Age and gender effect on human tactile perception, in vivo
The human finger is exquisitely sensitive in perceiving different materials. The obtained information is totally dependent to skin deformation as resulting of finger and object’s contact. The objectives are to better understand the age and gender effects on contact and mechanical properties of the human finger with in vivo systems.
Two in vivo studies on the finger of 40 subjects (20 of each gender) of four age groups of 26±3, 35+-3, 45+-2 and 58±6 have been performed.
An indentation method is used to measure the finger contact properties in normal direction. The penetration depth of a rigid indenter is recorded as a function of the applied normal force, during a loading/unloading experiment. Main assessed parameters are Young modulus and adhesive force.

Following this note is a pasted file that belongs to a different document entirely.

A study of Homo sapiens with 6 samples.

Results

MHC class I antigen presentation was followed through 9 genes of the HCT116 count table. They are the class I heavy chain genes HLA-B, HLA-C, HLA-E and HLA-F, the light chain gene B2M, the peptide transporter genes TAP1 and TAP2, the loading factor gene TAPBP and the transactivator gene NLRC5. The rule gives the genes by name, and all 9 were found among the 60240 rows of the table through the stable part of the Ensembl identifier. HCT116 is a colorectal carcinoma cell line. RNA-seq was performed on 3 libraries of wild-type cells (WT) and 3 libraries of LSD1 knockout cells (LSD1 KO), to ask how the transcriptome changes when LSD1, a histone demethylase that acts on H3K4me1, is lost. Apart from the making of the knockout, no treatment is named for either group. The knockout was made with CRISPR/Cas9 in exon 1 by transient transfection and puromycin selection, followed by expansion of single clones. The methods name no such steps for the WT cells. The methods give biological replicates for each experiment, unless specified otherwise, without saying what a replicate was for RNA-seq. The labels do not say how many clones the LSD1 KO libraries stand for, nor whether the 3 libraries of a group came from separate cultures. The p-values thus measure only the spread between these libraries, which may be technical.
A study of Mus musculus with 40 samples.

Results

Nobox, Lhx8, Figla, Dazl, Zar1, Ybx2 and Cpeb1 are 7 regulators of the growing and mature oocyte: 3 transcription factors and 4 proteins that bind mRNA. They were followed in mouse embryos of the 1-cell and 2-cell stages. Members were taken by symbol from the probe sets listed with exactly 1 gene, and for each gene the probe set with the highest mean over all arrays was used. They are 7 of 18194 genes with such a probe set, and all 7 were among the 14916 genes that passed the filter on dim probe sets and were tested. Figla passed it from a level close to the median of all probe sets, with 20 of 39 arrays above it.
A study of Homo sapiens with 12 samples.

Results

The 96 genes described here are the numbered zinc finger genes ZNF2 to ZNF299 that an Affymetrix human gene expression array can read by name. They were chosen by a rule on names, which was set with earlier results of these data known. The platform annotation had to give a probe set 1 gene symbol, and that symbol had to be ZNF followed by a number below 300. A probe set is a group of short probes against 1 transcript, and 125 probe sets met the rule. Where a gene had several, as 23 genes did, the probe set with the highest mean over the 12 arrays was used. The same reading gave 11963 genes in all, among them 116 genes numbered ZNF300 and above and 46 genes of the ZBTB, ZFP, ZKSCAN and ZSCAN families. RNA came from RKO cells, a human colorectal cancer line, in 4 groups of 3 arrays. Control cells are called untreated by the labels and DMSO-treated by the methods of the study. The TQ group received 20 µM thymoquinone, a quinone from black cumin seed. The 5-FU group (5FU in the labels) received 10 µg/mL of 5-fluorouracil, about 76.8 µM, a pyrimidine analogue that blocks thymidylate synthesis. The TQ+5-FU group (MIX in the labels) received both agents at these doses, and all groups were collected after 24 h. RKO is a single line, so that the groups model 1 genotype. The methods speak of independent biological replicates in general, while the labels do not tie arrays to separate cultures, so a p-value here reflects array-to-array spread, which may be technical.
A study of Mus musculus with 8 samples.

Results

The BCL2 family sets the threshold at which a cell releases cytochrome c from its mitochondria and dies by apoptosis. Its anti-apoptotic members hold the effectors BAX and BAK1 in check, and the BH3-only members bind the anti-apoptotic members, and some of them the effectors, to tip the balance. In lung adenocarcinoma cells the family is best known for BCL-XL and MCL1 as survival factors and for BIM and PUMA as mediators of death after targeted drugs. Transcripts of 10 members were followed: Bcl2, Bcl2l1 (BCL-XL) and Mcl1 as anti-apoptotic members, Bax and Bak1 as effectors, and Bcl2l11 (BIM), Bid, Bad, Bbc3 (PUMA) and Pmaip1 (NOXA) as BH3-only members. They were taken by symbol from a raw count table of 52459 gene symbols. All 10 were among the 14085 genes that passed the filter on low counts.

An innovative approach is proposed to characterize the dynamic finger mechanical properties. A contactless air blast device to measure human skin mechanical properties in vivo has been developed. Main assessed parameters are wave propagation speed v and Young's modulus.
The indentation test permits to understand the finger and object contact. The obtained adhesive forces characterize the physicochemical properties of this contact, are varied between 3 to 12 mN.
Significant differences of the main dynamic parameters of air blast system are shown with ageing and gender.
The comparison between male and female groups reveals that the parameters are higher of 9% for speed and 17% for Young modulus, for women. The measurements show also an increase of the speed and Young modulus with ageing (young men: v=3.2+-0.2m/s; old men: v=3.6±0.3m/s).